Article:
The 100th birthday of Australia's capital Canberra has seen a lot of debate about the place. Not least on the BBC, after an article called it "dull and devoid of soul".
It's also seen a lot of history discussed, such as where its pronunciation came from (the Lady who pronounced it Can-berra at the opening ceremony), what the name means (much amusement about alleged 'tits' reference to local aboriginal names for mountains), how it was built for trams but, like most places of the era, got cars instead, how the building of it really only started in the 1960s and Malcolm Farr in Punch, who says it lacks "flesh and blood" because the humanity of those who built it has been deliberately removed:
There is a strange belief elsewhere in Australia that Canberra simply happened, as if it fell from the sky in final form, complete with clipped hedges and pampered inhabitants.Argues Martin McKenzie-Murray in The Age:
Thousands of people bent their backs to the task of carving Canberra from a group of farms. These people should be recognised because without them there would not be a centenary to celebrate.
What was splendid in the vision was sterile in the living. [Canberra architect Walter Burley] Griffin had designed a city that pre-empted the primacy of the car, which was both prophetic and pathetic. Instead of a tightly knit centre, six (now seven) small districts emerged, separated by vast space and ill-connected by public transport. Between these centres lies mandated green space, which is pretty for tourists but pushes locals apart, limits land availability and drives up property prices.My memories of Canberra are of a place exactly with humanity removed. There is not only no roadside advertising but shops and petrol stations are behind hedges, like something which needs to disguised. Everything is zoned to within an inch, Sim City on steroids. At that time it was the only place porn could be legally purchased in the country, but you had to go to the industrial zone near the airport, Fyshwick. The train station was nowhere near the city centre.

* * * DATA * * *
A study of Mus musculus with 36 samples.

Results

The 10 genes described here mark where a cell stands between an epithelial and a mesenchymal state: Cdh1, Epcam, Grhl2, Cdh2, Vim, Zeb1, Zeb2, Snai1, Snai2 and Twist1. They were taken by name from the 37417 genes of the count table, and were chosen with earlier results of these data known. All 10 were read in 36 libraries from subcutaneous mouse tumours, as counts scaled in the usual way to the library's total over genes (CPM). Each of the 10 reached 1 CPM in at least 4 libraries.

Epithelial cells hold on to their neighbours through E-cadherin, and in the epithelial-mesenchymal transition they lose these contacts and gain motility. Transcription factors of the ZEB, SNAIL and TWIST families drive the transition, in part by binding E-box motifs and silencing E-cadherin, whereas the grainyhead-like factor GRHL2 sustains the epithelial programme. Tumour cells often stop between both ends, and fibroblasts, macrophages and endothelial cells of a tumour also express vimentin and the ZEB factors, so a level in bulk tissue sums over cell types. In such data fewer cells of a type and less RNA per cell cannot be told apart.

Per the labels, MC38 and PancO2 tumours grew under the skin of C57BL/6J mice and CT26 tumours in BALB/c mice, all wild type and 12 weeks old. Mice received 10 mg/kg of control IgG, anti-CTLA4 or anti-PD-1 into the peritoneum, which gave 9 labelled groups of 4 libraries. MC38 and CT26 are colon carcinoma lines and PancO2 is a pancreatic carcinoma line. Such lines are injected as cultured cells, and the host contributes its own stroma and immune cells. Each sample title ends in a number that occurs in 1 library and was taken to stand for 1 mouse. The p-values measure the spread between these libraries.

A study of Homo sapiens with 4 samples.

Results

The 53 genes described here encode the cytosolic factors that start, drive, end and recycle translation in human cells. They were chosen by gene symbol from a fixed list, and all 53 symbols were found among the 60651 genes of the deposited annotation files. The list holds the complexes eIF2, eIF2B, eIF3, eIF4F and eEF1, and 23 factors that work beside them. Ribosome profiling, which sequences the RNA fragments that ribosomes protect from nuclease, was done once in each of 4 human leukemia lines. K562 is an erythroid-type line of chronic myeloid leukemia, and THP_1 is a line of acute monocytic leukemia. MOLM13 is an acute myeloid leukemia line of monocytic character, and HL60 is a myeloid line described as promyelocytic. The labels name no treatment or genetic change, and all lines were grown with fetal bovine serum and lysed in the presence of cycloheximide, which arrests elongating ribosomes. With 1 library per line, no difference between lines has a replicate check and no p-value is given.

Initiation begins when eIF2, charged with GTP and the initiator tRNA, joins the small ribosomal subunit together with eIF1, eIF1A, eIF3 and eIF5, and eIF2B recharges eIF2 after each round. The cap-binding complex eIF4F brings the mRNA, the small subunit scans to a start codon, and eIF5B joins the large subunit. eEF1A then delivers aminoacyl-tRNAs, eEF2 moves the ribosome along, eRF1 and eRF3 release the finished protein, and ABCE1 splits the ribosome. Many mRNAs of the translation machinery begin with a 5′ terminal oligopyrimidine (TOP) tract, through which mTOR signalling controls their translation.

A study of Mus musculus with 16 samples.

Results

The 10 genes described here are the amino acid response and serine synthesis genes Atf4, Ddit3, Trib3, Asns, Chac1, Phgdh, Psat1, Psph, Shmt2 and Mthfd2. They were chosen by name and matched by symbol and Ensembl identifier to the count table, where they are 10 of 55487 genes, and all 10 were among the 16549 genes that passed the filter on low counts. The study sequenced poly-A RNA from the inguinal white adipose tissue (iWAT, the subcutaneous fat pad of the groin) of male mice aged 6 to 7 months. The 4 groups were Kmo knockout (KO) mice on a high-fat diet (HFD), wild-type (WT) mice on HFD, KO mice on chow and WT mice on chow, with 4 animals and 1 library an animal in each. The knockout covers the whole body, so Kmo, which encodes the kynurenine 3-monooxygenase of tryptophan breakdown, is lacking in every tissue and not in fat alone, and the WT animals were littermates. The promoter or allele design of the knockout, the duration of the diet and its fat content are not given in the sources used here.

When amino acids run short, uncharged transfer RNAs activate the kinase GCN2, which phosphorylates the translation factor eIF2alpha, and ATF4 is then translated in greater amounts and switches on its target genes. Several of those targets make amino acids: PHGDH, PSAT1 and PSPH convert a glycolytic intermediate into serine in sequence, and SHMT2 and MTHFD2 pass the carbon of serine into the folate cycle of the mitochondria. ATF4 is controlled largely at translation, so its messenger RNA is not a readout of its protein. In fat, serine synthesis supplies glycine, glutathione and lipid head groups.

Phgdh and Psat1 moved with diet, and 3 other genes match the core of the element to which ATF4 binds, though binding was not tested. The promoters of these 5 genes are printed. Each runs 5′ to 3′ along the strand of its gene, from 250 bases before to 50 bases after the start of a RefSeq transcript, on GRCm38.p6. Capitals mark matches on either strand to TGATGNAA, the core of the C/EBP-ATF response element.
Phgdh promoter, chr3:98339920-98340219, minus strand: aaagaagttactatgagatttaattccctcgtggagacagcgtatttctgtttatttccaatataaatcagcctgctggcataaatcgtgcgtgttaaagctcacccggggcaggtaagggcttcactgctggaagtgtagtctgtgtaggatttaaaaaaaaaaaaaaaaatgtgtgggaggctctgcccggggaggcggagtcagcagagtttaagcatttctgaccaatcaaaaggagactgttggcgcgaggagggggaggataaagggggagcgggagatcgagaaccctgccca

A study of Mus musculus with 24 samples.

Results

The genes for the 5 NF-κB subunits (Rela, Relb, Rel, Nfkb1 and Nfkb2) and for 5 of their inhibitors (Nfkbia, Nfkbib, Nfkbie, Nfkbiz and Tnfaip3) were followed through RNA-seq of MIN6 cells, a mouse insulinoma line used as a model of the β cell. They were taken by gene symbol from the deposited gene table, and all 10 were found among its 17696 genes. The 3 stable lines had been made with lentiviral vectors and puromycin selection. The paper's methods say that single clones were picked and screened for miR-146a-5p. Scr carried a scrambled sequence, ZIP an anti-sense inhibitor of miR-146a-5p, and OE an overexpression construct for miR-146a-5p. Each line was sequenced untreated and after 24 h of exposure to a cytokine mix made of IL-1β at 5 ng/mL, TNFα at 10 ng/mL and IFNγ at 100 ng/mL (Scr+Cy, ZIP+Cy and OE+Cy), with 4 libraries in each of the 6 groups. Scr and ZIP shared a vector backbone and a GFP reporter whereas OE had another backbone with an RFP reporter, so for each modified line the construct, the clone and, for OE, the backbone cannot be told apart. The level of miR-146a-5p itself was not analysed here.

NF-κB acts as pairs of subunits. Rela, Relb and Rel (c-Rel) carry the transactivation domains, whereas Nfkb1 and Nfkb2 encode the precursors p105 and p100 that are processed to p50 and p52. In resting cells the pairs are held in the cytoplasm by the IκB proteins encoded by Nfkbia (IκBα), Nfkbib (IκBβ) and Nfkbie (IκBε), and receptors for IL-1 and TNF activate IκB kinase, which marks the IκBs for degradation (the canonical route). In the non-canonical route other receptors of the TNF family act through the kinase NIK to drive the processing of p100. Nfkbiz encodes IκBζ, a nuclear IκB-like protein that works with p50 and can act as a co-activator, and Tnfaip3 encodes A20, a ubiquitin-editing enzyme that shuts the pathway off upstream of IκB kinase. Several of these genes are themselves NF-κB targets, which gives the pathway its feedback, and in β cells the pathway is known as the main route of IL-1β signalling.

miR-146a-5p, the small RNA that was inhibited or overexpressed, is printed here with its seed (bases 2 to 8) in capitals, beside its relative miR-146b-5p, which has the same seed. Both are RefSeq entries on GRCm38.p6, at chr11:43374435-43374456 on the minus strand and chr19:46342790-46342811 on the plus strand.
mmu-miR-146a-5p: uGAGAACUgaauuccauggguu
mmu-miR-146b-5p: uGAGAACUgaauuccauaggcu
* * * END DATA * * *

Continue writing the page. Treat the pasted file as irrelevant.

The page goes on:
All of which demonstrates the cruel irony of Griffin's vision of a ''humanised'' city - a vision that demands some of the lowest density living among our capital cities. Griffin applied to his canvas a vision that sought splendour in empty roads and monuments, rather than in the people that would inhabit it.
It's as if Griffin had unwittingly designed Superman's Fortress of Solitude for wonks and staffers.
The Gallery has Nolan, Streeton, Boyd, Roberts, Drysdale and Pollack, Matisse, Warhol, Rothko. But for my money its most striking work is the first thing you see as you walk in, the Aboriginal Memorial, a beautiful installation of 200 hollow log coffins from Central Arnhem Land. It was installed in the bicentennial year of 1988, a time of great anger and sorrow. 'Reconciliation' wasn't an idea then, Aboriginal art itself had yet to make much of a mark on the art world.
The Memorial was created by an Aboriginal man who was in part inspired by John Pilger's 1985 documentary 'The Secret Country', which covers the wars and massacres which came with the invasion. That history still lies largely buried, both in actuality as well as in the Australian psyche.
Canberra has a huge War Memorial and museum, Australia in general has almost nothing memorialising the tens of thousands who perished as their country was taken over.